How To Make A New Year's Resolution That Sticks

Dr.Laurie Santos
January 7, 2021

I make new year's resolutions every year. Not necessarily ones that I stick to, sadly, but I definitely make resolutions.

I do that because behavioral science suggests it's actually a good idea. The Wharton psychologist Katherine Milkman, for example, has shown that there are these times when our motivation is simply higher than usual. The beginning of January is one of those times; Milkman calls it “the fresh start effect.” We feel like the mistakes of the past are gone, and we have this fresh clean slate. And that can feel very powerful. So I’m pro-resolution.

The problem is that people tend to do resolutions wrong. Studies show that up to 95% of new year’s resolutions just don’t stick. Why? First, we often pick goals that don’t end up making us all that happy. And second, we’re confused about how to go about getting towards those goals.

One error we make is to banish all bad emotions in the new year. We think that once January 1st rolls around, everything needs to be wonderful. But avoiding our negative emotions comes at a cost to our overall happiness.

Especially this year, we need to let the negativity in a little. We need to give ourselves some time to grieve over the fact that 2020 was a pretty awful, challenging year. We need to process the fact that many of us are still reeling. And, honestly, we need to recognize that many of the goals we might want to have for the new year might be harder to achieve during a global pandemic.

But even in good years, we tend to be confused about which goals will make us happy. We want to be thinner or buffer or have better savings or a bigger bank account, or a new PlayStation 5. We think that changing our circumstances will improve our well-being, but the research on happiness suggests that changing your circumstances just doesn't work as well as we think. New circumstances might make us happier for a little while, but you tend to get adapted to awesome new circumstances pretty quickly.

And that’s why we're actually better off focusing on resolutions that involve changing our mindsets. For example, trying to look at the world through a different lens; trying to become more present; trying to become more grateful; trying to become more compassionate. Those are the kinds of changes that really will have a longstanding impact on our wellbeing. The problem is that we don't realize changes like these are so powerful, and so they tend not to be in the big list of new year's resolutions that we see every year.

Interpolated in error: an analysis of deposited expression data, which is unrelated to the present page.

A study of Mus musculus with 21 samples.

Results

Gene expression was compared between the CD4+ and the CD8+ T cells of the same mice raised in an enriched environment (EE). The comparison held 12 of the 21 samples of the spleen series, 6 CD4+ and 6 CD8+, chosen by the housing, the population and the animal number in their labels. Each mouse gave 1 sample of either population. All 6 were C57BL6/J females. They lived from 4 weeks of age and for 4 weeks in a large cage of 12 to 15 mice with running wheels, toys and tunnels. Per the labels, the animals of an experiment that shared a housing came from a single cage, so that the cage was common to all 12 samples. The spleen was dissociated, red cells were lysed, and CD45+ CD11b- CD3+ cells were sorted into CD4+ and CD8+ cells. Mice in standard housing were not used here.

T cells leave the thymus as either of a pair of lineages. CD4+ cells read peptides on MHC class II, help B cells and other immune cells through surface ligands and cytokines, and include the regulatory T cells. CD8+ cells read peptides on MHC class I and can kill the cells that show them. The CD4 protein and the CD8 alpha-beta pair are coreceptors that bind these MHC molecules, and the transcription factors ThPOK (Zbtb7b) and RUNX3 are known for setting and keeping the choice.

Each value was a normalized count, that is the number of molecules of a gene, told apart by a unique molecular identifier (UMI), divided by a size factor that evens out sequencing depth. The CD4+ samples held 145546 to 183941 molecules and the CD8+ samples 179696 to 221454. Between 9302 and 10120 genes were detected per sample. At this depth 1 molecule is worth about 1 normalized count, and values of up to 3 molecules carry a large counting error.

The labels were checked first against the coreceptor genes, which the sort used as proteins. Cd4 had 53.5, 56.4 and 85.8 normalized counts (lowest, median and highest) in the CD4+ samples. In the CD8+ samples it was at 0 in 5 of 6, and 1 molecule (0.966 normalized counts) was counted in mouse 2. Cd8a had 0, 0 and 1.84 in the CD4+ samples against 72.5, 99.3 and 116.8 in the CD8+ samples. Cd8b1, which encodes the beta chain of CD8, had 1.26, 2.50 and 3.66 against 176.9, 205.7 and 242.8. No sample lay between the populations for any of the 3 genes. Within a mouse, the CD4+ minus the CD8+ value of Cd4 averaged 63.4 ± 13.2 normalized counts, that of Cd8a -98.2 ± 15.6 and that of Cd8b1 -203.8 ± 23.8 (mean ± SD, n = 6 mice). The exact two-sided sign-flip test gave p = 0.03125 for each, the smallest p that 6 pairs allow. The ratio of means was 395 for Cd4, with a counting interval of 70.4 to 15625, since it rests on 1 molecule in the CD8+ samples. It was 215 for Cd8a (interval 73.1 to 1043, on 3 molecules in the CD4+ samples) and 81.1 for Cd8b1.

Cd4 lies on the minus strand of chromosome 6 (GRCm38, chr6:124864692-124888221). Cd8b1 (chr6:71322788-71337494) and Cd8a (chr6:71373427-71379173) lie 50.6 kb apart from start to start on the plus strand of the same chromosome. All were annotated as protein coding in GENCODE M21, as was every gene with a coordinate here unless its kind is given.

But we’re not just wrong about the content of the kinds of resolutions we make— we’re also often wrong in how we go about them.

At the start of the new year, many of us turn into these awful personal drill sergeants. We yell at ourselves with phrases like you suck or you’re too fat and lazy or you’re procrastinating. We think that this kind of shaming is going to help, but in fact, the shaming is doing more harm than good. We'd be better off taking a completely different approach: the approach of self-compassion.

Take the example of exercise. A resolution to exercise more is right-on. Just getting in a little bit of cardio exercise can be incredibly important for your mental health—there’s one study showing that a half hour of cardio every morning is as effective as one of the leading anti-depression prescriptions. So, exercise in and of itself an awesome goal for 2021.

The problem is how we go about it. When you look at magazine articles that talk about exercise in the new year, they often sound militaristic, blasting your belly and punishing workouts and things like that. That’s not necessarily being all that kind to your body.

We should approach exercise from the perspective of self-compassion— asking the question “what would be a way to move my body that would feel kind right now?” There are some kinds of exercises that may not be fun for you. There are some times when your body needs some rest. And if you don’t pay attention to what your body really needs, you're going to be pushing against the tide. You're going to be trying to make yourself commit to things that just aren't fun and that may not even be good for your body.

Coming to terms with being nice to my body hasn’t always been hard for me. I was the chubby kid in gym class; fitness was always something that I was either forced to do, or did out of a hatred of my body. So it took a lot of coming around to figure out that I could move my body because it just feels good. It was a revelation for me that exercise can be something I look forward to.

And that’s true for many other areas of life as well— from healthier eating to taking on a hard project at work to fighting procrastination and beyond. Your ability to stick with a resolution will increase if you take a compassionate approach. If you boost your self-compassion, you’ll naturally eat healthier and take care of your body, because that’s a way to be kind to yourself. You're more likely to continue at a hard project even after setbacks, because you know you’ll be nice to yourself if you mess up. Whatever other things you want to achieve in the new year, focusing on self-compassion is actually going to help you get there.

Self-compassion is kind of like a meta-resolution: it can make all the other resolutions a little bit easier, and it will actually boost your wellbeing on its own too. It’s a win-win. If you want a strategy that's going to allow you to meet your goals and not procrastinate and not be worried about failure, self-compassion is really powerful. The science shows—it really works.

Dr. Laurie Santos is a tenured psychology professor at Yale, where she teaches a massively popular course on happiness. She also hosts a podcast called The Happiness Lab.